In 1923, Herbert Whitley opened his private collection of exotic animals and plants to the public, however Whitley’s expertise with animals didn’t end with Paignton’s new zoo.
In the midst of World War I, while many were called to serve their country, Herbert and William Whitley were unable to enlist on health grounds. Rather than sit on the side-lines, they found a unique way to contribute to the war effort. The brothers turned their attention to supporting local farmers by providing them with top-of-the-line livestock, including cattle, sheep and poultry, as well as skilled working dogs and horses. With the benefit of the expansive Primley Estate at their disposal, complete with modern kennels, stables, and sprawling fields ideal for grazing and training, the Whitley brothers cemented their reputation as outstanding animal breeders, producing stock of unparalleled quality.
Making the ordinary extraordinary
When Herbert Whitley entered the fiercely competitive animal show circuit, he brought with him a secret weapon: a razor-sharp eye for detail and uncanny ability to breed champion stock. With each carefully documented pedigree, he showcased his many breeding successes, earning him a dazzling array of trophies and prizes. So numerous were his accolades that he was said to have built a special room at Primley House to showcase them all.
Herbert Whitley was a man with a taste for the exotic and the unusual, amassing a collection of rare and extraordinary species, but when it came to domestic animals he had a practical streak that contrasted his love of the peculiar. He had a particular fondness for sighthounds, and trained greyhounds and whippets to control the rabbit population on the Primley estate. Despite his love for the exotic, Whitley knew that sometimes it was the unassuming, hardworking breeds that truly shone. Of all the champions that Whitley’s name was attached to, one stood out from the pack – his fawn greyhound, Primley Sceptre.
A new breed of champion
In 1928, Charles Cruft’s legendary dog show was already a highly prestigious event, drawing distinguished breeders from across Europe, including some with royal patronage. That year the show added a new, highly coveted title: “Best in Show”. Previously, Crufts winners were crowned “Best Champion”, a distinction only a small percentage of applicants could attain due to strict entry requirements. With “Best in Show”, those restrictions were lifted, allowing a staggering 9,467 dogs to compete for the title in the first year alone.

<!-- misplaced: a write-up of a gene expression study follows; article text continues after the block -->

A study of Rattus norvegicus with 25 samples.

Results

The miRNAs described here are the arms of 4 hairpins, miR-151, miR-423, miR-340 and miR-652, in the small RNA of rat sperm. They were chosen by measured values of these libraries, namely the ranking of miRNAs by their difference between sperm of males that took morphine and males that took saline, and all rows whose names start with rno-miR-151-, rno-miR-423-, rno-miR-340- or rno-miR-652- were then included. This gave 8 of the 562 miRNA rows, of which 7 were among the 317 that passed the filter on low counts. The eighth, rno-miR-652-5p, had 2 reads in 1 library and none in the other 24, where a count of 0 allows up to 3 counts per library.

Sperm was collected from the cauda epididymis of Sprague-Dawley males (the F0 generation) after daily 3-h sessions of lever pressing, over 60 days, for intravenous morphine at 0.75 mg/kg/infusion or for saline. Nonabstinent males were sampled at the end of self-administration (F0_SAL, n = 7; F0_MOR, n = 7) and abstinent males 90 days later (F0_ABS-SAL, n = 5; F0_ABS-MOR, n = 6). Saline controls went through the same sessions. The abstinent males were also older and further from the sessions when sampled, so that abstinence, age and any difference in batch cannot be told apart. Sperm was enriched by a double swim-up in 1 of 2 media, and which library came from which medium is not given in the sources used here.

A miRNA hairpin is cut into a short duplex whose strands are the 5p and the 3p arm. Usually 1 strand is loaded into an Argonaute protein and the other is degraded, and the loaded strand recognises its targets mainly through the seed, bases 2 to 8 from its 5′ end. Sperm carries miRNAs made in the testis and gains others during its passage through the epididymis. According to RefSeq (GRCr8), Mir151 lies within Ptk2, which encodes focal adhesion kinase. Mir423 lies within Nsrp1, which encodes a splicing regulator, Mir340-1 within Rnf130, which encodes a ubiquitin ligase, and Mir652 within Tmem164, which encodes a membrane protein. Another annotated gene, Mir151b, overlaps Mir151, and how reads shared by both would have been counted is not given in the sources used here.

Despite the intense competition, Herbert’s greyhound stole the show, and Primley Sceptre won the coveted title of Best in Show. For this remarkable achievement, Whitley was awarded a sterling silver, gold gilt bowl adorned with flowers: a possession that took pride of place alongside his numerous other awards in the hallowed halls of Primley House.
Herbert Whitley’s legacy is one of remarkable achievements, both in his collection of rare and exotic species and in his expertise as a breeder of domestic animals. From his early efforts to support farmers during WWI to his triumph at the prestigious Crufts dog show, Whitley demonstrated an unwavering commitment to excellence in breeding. His meticulous attention to detail, combined with a practical sensibility, allowed him to produce animals of exceptional quality, both in terms of looks and temperament. Today, his contributions to the world of animal breeding continue to inspire: a testament to the enduring impact of his work.
2023 marks the 100th anniversary of Paignton Zoo opening to the public. If you would like to learn more about the history of Paignton Zoo and our plans for celebrating our centenary, please click here.